Rift Valley fever

Rift Valley fever (RVF) is a viral disease of humans and livestock that can cause mild to severe symptoms. 

The mild symptoms include: fever, muscle pains, and headaches which often last for up to a week. 

Severe symptoms may include: loss of sight beginning three weeks after the infection, infections of the brain, causing severe headaches, confusion, bleeding and liver problems which may occur within the first few days. 

Bleeding associated with a mortality as high as 50%.

The disease is caused by the RVF virus, spread by either touching infected animal blood, breathing in the air around an infected animal being butchered, drinking raw milk from an infected animal, or the bite of infected mosquitoes. 

Contact with infected tissue is considered to be the main source of human infections.

Outbreaks of the disease have only occurred in Africa and Arabia. 

Outbreaks usually occur during periods of increased rain which increase the number of mosquitoes.

Animals such as cows, sheep, goats, and camels may be affected. 

Spread is mostly by mosquitoes.

It does not appear to be transmissible from one person to another.

The disease is diagnosed by finding antibodies against the virus or the virus itself in the blood.

Prevention of the disease in humans is accomplished by vaccinating animals against the disease. 

Restricting the movement of animals during an outbreak may also be useful, as may decreasing mosquito numbers and avoiding their bites. 

There is a human vaccine available that is not not widely available. 

There is no specific treatment and medical efforts are supportive.

The virus can cause several syndromes. 

Usually, there are no symptoms or only a mild illness with fever, headache, muscle pains, and liver abnormalities. 

In a small percentage of cases (< 2%), the illness can progress to hemorrhagic fever syndrome, meningoencephalitis, or affect the eye. 

Patients who become ill usually experience fever, generalized weakness, back pain, dizziness, and weight loss at the onset of the illness. 

Typically recovery occurs within two to seven days after onset. 

About 1% of people with the disease die of it. 

In livestock, the fatality level is significantly higher. 

Pregnant livestock infected with RVF abort virtually 100% of fetuses. 

An animal disease epidemic of RVF is usually first indicated by a wave of unexplained abortions, and other 

signs include vomiting and diarrhea, respiratory disease, fever, lethargy, anorexia and sudden death in young animals.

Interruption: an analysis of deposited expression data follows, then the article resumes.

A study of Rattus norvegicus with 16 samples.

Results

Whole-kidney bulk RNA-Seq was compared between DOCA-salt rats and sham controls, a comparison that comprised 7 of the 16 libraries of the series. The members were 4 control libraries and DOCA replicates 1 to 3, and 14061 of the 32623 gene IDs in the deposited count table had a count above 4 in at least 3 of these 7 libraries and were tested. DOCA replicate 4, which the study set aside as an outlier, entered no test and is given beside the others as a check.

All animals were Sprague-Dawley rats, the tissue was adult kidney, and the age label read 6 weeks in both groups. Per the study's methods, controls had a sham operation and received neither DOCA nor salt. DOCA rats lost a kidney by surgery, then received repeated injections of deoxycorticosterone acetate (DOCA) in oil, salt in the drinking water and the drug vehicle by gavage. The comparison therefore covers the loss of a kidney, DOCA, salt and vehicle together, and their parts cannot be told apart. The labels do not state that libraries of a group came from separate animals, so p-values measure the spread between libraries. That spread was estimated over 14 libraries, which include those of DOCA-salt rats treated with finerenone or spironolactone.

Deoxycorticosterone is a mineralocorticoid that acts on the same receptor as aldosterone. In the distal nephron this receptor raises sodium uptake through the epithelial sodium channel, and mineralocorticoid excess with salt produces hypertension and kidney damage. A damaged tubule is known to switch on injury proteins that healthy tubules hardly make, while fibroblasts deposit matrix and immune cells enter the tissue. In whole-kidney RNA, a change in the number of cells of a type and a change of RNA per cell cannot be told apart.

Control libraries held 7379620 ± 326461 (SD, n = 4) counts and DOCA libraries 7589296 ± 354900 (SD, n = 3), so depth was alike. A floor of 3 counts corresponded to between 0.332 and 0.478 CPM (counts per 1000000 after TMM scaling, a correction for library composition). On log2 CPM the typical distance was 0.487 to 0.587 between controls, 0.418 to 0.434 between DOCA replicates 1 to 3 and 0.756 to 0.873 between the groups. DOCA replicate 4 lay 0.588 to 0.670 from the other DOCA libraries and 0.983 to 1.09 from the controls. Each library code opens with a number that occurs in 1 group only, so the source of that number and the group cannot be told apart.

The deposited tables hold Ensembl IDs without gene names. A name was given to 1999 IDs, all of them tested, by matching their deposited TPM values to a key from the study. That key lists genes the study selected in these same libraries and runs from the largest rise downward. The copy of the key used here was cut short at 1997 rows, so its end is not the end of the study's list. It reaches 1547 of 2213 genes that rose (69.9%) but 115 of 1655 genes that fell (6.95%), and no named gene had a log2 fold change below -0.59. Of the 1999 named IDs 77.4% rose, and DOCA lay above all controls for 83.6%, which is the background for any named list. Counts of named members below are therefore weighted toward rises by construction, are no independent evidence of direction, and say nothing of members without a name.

Rift Valley fever cause is the phlebovirus.

It is an order of enveloped negative single stranded RNA virus.

It delivers its genome into the host-cell cytoplasm by fusing their envelope with an endosomal membrane.

The virus is transmitted through mosquito vectors, as well as through contact with the tissue of infected animals. 

Two species—Culex tritaeniorhynchus and Aedes vexans—are known to transmit the virus.

There are other mosquito vectors.

The virus has been isolated from two bat species, which are believed to be reservoirs for the virus.

RVFV’s RNA play an important role in the virus’ pathology, the nonstructural protein encoded on the S segment (NSs)  has been found to directly affect the host. 

NSs is hostile against the host interferon (IFNs) antiviral response.

NSs affects regular activity of double-stranded RNA-dependent protein kinase R, that is is involved in cellular antiviral responses in the host. 

When RVFV is able to enter the host’s DNA, NSs forms a filamentous structure in the nucleus, allowing  the virus to interact with specific areas of the host’s DNA that relates to segregation defects and induction of chromosome continuity. 

This increases host infectivity and decreases the host’s antiviral response.

Diagnosis of Rit Valley Fever relies on viral isolation from tissues, or serological testing with an ELISA.

Other methods of diagnosis include Nucleic Acid Testing (NAT), cell culture, and IgM antibody assays.

Prevention includes taking measures to decrease contact with blood, body fluids, or tissues of infected animals and protection against mosquitoes and other bloodsucking insects. 

Use of mosquito repellents and bed nets are two effective methods. 

protective equipment to avoid any exposure to blood or tissues of animals that may potentially be infected is an important protective measure.

No vaccines are currently available.

RVF outbreaks occur across sub-Saharan Africa, with outbreaks occurring elsewhere infrequently. 

Outbreaks usually correspond with the warm phases of the EI Niño, increase in rainfall, flooding and greenness of vegetation index, which leads to an increase in mosquito vectors.